Dr. Anthony Fauci, the director of the National Institute of Allergy and Infectious Diseases, expressed concern that the name given to the CDC’s vaccine effort, “Operation Warp Speed,” could stoke public concerns that the vaccine will be rushed for political purposes.
WASHINGTON, DC – JULY 31: Dr. Anthony Fauci, director of the National Institute for Allergy and … [+]
The program has doled out tens of billions of dollars in subsidies to drugmakers with the aim to produce 300 million doses of a “safe, effective” coronavirus vaccine by January, a far more abbreviated timeline than the usual years-long process for vaccines.
The name was created by Dr. Peter Marks, the director of the FDA’s regulatory unit and an avid fan of the sci-fi series Star Trek who successfully pitched it to Health and Human Services Secretary Alex Azar in April, the New York Times reported.
Fauci told the New Yorker that he “never liked,” the name because it “suggests, incorrectly… that you’re prematurely putting something out there that isn’t entirely safe,” echoing concerns he voiced in August that it “subliminally” suggests “reckless speed.”
Instead, Fauci said, the name refers to the government committing to buying millions of doses of vaccines before they are confirmed to work, which means, if they fail, “you’ve lost a few hundred million dollars,” but if they succeed, “you’ve saved four, five, six months of waiting to get people the vaccine.”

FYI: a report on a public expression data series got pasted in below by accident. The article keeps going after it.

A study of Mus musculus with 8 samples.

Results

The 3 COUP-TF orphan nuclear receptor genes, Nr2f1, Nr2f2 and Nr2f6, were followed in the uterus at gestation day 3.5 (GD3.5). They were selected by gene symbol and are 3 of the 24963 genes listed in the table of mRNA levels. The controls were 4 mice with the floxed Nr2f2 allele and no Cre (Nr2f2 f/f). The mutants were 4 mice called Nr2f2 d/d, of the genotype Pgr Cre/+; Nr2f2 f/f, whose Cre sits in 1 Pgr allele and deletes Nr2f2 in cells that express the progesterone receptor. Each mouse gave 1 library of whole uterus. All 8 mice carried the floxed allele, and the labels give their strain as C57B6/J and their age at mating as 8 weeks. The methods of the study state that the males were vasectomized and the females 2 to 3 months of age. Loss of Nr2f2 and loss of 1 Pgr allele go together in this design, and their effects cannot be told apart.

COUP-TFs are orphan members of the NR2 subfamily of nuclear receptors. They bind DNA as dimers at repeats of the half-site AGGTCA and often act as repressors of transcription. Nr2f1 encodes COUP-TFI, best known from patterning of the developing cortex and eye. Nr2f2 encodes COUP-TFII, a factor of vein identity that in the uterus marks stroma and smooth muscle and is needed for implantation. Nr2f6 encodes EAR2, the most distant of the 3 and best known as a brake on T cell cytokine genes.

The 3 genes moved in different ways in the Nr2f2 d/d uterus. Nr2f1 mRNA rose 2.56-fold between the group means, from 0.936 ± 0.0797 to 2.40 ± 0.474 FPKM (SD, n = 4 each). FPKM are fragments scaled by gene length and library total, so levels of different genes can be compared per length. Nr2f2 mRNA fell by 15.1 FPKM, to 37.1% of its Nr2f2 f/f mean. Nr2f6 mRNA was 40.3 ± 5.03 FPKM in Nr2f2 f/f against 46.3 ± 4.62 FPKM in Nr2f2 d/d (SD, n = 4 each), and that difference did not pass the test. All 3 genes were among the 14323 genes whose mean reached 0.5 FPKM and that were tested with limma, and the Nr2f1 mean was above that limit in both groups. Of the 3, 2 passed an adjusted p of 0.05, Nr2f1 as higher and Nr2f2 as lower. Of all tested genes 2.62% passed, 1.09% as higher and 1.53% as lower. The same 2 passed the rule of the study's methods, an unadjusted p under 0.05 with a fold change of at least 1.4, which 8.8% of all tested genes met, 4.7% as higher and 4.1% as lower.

Democrats have accused the administration of politicizing the vaccine development process, with Democratic vice presidential nominee Kamala Harris alleging public health experts have been “muzzled” and “sidelined” and accusing Trump of attempting to rush the process to boost his electoral hopes.
President Trump has frequently framed vaccine developments in the context of Election Day; at a press conference on Monday he said that a vaccine may be ready “before a very special date. You know what date I’m talking about.”
“I would trust the word of public health experts and scientists, but not Donald Trump,” Harris said, with Democratic presidential nominee Joe Biden saying he’s “worried if we do have a really good vaccine, people are going to be reluctant to take it.” Still, Biden said, “If I could get a vaccine tomorrow I’d do it, if it would cost me the election I’d do it.”
Despite his concerns over the name, Fauci said he is hopeful about Operation Warp Speed’s success. “My hope, my expectation, is that we’ll have not one but multiple vaccines in 2021,” he told the New Yorker.
83%. That’s the percent of Americans in a STAT/Harris poll who said they would worry about the safety of a swiftly produced vaccine, with 78% saying they are concerned about politics driving the process more than science. However, 68% said they believe the FDA would only approve a safe vaccine.